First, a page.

What Proportion of Close Games Should the Better Team Win?

These week there's been a lot of talk about Hawthorn and their ability to "win the close ones", one narrative being that they are somehow able to do this more often than they "should" given that they're 5 and 0 in games finishing with a margin of under a goal this season.

The first thing to point out is that nothing can usefully be concluded based on a sample of 5, so I won't be saying anything specific about Hawthorn, but I think the more interesting question is to ask how you might determine how many close games a team "should" win.

Implicit in many of the discussions is that teams, regardless of their relative abilities, all become 50:50 propositions in close games. I think that position is logically untenable. If a better side was expected to record, say, 60% of the scoring opportunities at the time the game started then, field position notwithstanding they must surely be expected to generate a better than 50% share of any remaining opportunities in the back end of a close contest.

My initial assumption was that, assuming level scores, the two team's chances with any fraction of the game remaining should be the same as they were at the start. That assumption, on reflection, is also wrong. The original assessments of the two teams' chances were based on the total set of scoring shots expected to be generated during the entire course of the game but, as time reduces and the number of likely remaining scoring shots diminishes, it stand to reason that the weaker team has a higher likelihood, by chance alone, to generate the majority of the remaining scoring shots and therefore win.

Imagine, for example that we placed 100 balls in a bowl, 55 green and 45 blue from which we made 50 draws at random with replacement. The likelihood of drawing more blue than green balls - of blue "winning", if you like - in this case is about 19%. But, if we only make 5 draws instead, the probability climbs to 41%.

So, the better team should win close games more than 50% of the time but less often than its pre-game probability would have suggested.

One way of coming up with a figure for the proportion they should win is to proceed as follows.

We've found in previous analyses (for example, this empirical one from 2009 and this theoretical one from 2014) that the final margin of a V/AFL game can be modelled as a Normal random variate with mean equal to the pre-game expected margin and standard deviation of about 36.

That assumption can be used to model the game margin distributions for teams of varying levels of pre-game superiority and to ask of the resulting distribution: of all games that finished with a margin of X points or less (as a win or a loss for the superior team), in what proportion does the superior team win?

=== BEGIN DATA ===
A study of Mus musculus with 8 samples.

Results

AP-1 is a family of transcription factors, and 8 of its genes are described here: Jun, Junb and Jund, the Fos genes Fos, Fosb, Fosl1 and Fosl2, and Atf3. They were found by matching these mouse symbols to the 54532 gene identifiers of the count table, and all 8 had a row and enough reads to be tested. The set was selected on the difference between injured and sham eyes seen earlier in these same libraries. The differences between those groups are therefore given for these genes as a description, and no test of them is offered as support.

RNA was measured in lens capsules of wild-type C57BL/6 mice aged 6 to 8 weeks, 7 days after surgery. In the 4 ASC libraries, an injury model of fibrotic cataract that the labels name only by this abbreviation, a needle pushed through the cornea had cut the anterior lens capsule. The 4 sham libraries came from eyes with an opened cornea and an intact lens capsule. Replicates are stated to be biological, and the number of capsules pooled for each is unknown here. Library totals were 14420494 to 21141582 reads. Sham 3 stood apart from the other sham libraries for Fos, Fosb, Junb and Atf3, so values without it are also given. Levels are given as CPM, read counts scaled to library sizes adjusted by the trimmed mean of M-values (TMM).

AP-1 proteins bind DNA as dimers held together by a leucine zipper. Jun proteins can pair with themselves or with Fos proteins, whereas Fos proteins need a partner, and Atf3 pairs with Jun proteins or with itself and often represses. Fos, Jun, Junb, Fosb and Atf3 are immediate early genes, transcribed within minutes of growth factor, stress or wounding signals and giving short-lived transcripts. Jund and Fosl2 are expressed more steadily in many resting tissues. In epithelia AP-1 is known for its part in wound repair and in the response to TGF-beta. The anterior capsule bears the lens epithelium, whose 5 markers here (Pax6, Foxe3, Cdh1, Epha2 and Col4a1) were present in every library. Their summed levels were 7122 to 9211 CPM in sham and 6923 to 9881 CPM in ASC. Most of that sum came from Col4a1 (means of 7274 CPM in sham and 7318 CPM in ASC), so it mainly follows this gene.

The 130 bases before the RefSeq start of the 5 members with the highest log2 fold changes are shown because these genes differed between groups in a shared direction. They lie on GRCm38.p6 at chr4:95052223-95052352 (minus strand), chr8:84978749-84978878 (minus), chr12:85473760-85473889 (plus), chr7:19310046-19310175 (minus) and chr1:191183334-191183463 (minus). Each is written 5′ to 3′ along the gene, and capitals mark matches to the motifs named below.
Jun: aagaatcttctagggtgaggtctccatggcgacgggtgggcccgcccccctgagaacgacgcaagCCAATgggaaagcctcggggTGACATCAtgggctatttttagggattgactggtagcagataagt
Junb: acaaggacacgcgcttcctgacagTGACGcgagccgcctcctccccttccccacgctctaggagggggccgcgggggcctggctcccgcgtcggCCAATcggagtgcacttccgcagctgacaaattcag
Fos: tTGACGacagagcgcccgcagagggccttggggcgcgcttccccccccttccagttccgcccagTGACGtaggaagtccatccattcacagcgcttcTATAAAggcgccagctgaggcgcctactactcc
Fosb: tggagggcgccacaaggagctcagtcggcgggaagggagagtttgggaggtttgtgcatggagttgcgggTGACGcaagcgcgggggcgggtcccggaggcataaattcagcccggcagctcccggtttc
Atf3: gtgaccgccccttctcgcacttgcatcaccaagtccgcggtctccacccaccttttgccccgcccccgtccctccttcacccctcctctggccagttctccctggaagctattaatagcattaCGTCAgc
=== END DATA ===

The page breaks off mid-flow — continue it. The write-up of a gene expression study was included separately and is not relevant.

The answer to that question is summarised in the chart below.

Each line in the chart relates to a team with some fixed level of pre-game superioirity. The bottom line is a team that is 0 points better than its opponent (ie an equal-favourite), the next to a team that is assessed as a 6-point favourite, and so on in 6-point increments. The top line relates to a 60-point pre-game favourite.

As we move from left to right across a line we increase the range of victory margins that we are considering. We can read the proportion of games that the superior team is expected to win for any given victory margin from the vertical axis.

So, for example, a team that was a 6-point pre-game favourite would be expected to win about 53% of games that finished with a margin of 18 points or less (for either side).

What we see then is that, as suggested, superior teams are expected to win more than one-half of games finishing with a margin within any nominated range, but also that the probability doesn't stray all that far from 50% all that quickly for teams that are only slightly superior. For example, even a 24-point better side will win only about 57% of games won by 18 points or fewer.

Vastly superior sides, however, win much larger proportions of close games. For example, a 48-point better team will win 70% of games decided by 24 points or fewer.

Armed with this chart it would be possible to go back for any team and use their pre-game bookmaker handicaps in a large enough sample of games that finished as narrow wins or losses, and assess the extent to which they have under- or over-performed in those games.

I'll leave that, in fine professorial style, as an exercise for the reader.